Scottish universities braced for brain drain if country votes for independence

Sep 2, 2014 by

Senior education figures voice fears about loss of funding and departure of top scientists in the event of a yes vote

Scotland‘s top universities are bracing themselves for a brain drain of their most talented scientists if there is a yes vote for independence, with some academics already prepared to relocate.

Senior academics and university executives told the Guardian they believed Scotland’s best-known universities would lose access to billions of pounds in funding and joint projects supported by British research councils if the country voted to leave the UK.

A number of senior research scientists have already been approached by leading English universities because of the referendum, while some candidates are delaying taking up Scottish posts until after the vote, sources have disclosed.

Researchers have warned their departments they are likely to leave after a yes vote because they fear deep education spending cuts will follow independence, threatening an exodus which is understood to be causing deep anxiety for the country’s university administrators.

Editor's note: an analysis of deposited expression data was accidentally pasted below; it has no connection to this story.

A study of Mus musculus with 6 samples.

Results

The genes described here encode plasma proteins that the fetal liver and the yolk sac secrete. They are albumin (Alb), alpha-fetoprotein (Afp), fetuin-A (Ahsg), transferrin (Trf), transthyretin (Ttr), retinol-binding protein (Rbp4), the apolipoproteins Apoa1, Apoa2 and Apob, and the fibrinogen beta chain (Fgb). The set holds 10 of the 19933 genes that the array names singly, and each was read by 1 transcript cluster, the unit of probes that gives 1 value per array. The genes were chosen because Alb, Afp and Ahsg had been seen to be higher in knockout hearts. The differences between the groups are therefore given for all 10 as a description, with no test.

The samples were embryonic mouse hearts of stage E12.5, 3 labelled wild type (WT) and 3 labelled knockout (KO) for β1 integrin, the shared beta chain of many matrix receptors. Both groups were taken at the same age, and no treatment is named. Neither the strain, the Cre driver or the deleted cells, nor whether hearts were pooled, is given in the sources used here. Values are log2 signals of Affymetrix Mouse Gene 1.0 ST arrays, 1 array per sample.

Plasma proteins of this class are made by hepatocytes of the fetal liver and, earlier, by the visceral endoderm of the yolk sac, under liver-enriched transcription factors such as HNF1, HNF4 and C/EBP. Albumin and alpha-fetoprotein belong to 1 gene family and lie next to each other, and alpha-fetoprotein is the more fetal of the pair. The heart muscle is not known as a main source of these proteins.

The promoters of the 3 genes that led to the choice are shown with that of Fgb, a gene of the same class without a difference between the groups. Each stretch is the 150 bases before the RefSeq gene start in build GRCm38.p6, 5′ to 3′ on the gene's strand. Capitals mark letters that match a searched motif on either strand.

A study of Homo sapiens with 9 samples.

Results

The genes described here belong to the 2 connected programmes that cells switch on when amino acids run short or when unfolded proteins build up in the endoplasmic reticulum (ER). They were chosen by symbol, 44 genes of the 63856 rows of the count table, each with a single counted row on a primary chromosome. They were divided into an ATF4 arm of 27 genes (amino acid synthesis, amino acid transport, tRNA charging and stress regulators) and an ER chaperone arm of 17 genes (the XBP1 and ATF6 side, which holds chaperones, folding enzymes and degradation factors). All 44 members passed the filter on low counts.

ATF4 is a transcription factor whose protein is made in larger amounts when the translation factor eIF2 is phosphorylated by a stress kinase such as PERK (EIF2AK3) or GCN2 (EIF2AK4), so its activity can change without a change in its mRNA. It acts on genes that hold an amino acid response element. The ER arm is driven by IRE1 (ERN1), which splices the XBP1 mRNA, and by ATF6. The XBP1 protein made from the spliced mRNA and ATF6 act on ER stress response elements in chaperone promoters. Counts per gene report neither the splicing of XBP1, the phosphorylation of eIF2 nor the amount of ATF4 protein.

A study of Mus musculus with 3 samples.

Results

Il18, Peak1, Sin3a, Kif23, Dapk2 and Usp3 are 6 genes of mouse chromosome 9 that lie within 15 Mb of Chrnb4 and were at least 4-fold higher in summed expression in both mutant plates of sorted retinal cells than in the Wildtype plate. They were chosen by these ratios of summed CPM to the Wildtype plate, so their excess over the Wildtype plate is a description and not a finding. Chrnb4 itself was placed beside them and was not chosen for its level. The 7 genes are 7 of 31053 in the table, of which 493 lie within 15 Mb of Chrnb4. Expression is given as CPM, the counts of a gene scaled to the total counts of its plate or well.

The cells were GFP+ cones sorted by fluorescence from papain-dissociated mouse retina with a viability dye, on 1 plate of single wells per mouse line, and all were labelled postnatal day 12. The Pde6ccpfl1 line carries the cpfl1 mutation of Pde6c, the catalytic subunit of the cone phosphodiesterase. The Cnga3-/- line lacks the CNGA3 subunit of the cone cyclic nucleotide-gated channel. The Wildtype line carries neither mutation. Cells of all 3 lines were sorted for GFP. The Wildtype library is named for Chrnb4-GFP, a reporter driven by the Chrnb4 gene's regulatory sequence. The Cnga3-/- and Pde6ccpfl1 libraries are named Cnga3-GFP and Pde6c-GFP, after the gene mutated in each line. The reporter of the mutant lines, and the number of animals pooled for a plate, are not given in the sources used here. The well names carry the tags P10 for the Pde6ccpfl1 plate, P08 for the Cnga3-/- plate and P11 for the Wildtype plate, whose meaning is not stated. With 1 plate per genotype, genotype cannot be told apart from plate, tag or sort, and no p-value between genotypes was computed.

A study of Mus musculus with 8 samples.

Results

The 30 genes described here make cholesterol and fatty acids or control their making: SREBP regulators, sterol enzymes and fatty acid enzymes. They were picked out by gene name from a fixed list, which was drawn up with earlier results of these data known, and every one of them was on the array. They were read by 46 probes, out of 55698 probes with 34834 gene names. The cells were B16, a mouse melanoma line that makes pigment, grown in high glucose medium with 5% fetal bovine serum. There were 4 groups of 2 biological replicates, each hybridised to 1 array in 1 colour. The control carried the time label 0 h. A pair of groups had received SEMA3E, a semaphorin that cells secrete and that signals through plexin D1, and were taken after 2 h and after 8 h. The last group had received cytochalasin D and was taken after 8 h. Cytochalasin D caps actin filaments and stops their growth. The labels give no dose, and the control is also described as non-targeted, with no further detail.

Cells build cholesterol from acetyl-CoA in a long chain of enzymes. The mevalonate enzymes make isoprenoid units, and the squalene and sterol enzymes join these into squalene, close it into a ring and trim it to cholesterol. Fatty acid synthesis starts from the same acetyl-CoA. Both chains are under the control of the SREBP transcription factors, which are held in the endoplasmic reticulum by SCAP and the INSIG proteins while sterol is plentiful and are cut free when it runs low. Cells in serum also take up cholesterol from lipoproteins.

Prof Richard Cogdell, director of the Institute of Molecular, Cell and Systems Biology at the University of Glasgow, said: “I have had contact with staff who have said ‘if it’s a yes vote, then I would be looking to leave.'”

Among the subjects most at risk, academics said, were highly prized areas such as advanced computing and informatics; genetic and biomedical research; animal sciences; theoretical physics; and Scotland’s role in multinational projects.

Prof David Weller, director of the Centre for Population Health Sciences at the University of Edinburgh, said 80% of his centre’s work was in collaboration with other UK researchers and cancer charities. “There’s just no way if Scotland was a separate country that kind of arrangement could be sustained. There are huge concerns in the area I work in,” Weller said.

One of Scotland’s leading biomedical experts, Prof Jim Naismith, head of the biomedical sciences research complex at St Andrew’s University, said: “There will a drift away [of expertise]. It will start slowly but there will be a clear drift. It’s not just the people who leave, we won’t be able to bring people in from outside.”

via Scottish universities braced for brain drain if country votes for independence | Politics | The Guardian.